Since the discovery of DNA, advances in DNA technology have led to an increase in the use of DNA tests. Such tests have a wide and varied range of uses. Today a large number of people are using DNA testing to solve problems and get answers to their questions. Some of the more common uses of DNA tests include:
Lately, there has been a growing interest in family trees and where families have come from. Companies have sprung up that make DNA testing quick and easy. The result is that people can now use DNA tests as a way of finding their ancestors using genetic information. The information that the tests provide allow people to set up ancestral lines and establish where they come from. Depending on the individual the information might go back many hundreds of years. These easy tests have allowed people to compare their DNA with others already stored on record. By doing so, the tests allow individuals a chance of connecting to other, perhaps unknown, branches of their family tree.
One of the most frequent uses of DNA testing is in deciding a child’s paternity. In addition to knowing who a child’s father is, paternity tests have also played a part in child custody cases. The courts have used them as a way to legally determine who should pay child support and compel them to support their children. These type of DNA tests have proven of benefit where there’s a need to find out whether someone is the biological parent of a child.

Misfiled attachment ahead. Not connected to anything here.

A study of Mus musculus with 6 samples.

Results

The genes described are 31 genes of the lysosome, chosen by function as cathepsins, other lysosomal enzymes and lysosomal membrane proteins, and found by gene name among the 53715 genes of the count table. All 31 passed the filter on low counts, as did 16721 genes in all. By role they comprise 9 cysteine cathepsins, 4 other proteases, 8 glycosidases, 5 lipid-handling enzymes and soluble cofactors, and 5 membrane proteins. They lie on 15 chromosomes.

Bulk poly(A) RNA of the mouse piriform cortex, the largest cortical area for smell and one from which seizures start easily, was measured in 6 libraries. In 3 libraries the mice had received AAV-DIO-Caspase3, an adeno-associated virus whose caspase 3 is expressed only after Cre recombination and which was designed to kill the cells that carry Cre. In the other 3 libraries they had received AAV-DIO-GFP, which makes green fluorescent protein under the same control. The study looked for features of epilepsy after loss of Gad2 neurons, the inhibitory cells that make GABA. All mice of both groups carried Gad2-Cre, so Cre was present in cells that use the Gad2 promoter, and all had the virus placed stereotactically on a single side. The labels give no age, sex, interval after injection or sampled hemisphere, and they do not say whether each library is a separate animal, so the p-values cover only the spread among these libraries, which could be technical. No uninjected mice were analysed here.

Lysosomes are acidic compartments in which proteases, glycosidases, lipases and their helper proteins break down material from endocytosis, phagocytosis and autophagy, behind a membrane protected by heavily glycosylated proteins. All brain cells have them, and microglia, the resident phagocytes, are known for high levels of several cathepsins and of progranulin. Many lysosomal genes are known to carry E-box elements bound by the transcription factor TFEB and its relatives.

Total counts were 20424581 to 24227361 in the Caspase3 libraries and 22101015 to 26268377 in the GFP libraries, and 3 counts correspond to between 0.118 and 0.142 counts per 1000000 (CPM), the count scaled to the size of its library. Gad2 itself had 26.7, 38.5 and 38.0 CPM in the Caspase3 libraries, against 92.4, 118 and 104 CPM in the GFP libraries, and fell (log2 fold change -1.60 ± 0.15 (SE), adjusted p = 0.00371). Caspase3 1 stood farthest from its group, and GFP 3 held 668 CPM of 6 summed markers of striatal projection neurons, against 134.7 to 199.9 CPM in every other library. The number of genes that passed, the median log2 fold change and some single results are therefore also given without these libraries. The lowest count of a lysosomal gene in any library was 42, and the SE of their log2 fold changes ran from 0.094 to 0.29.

On the flip side, paternity tests have also been useful in stopping paternity fraud. They can show whether someone is or is not the parent of a child. Paternity tests are not just about answering questions concerning who should or should not pay support for a child. These types of tests can also settle questions about who should inherit an estate when someone has died.
One area we associate with the use of DNA testing involves criminal investigations. If someone’s convicted of a crime, the police can store that person’s DNA profile. For the police, this means that they can compare them with DNA samples taken from other unsolved crimes looking for a genetic match. The use of such tests can quickly help to solve crimes.
When it comes to solving crimes, advances in DNA testing has allowed police to revisit cold cases. New techniques in testing have given them the chance to re-examine cases that they had not been able to solve before. Just as important is that progress in DNA testing have also helped to overturn convictions. With the new evidence, such testing has seen people being released.
The use of DNA testing has gone a long way in improving people’s health. The advances in such testing mean that doctors can find and deal with likely health problems sooner. It also provides doctors with the chance of finding possible treatments for various diseases.
With the use of prenatal genetic tests, doctors are able to work out if an unborn child is at risk of a genetic illness. Doctors can find out if that child is likely to grow up with health problems. Equally, DNA testing allows doctors to test people for the risk of certain genetic diseases. It can, for example, help identify those at risk of certain cancers. It means that those at risk can get regular check-ups. Knowing someone’s medical history from their genetic information can allow a doctor to take action before it’s too late.
And finally, another use of DNA testing has been to help solve some of our ancient mysteries. Perhaps the most recent mystery that DNA testing has helped solve is that of the English king, Richard III. Until 2012, no one knew the location of his burial place. This changed in 2012 when the remains of what was thought to be Richard III were unearthed in a Leicester parking lot. Although scientists had found signs of battle wounds and scoliosis on the skeleton, they could not confirm that it was the body of Richard III. To try and solve the mystery scientists used DNA testing. They took DNA from the remains and compared it with a direct descendant of his sister. The results proved beyond a doubt that the remains were those of Richard III.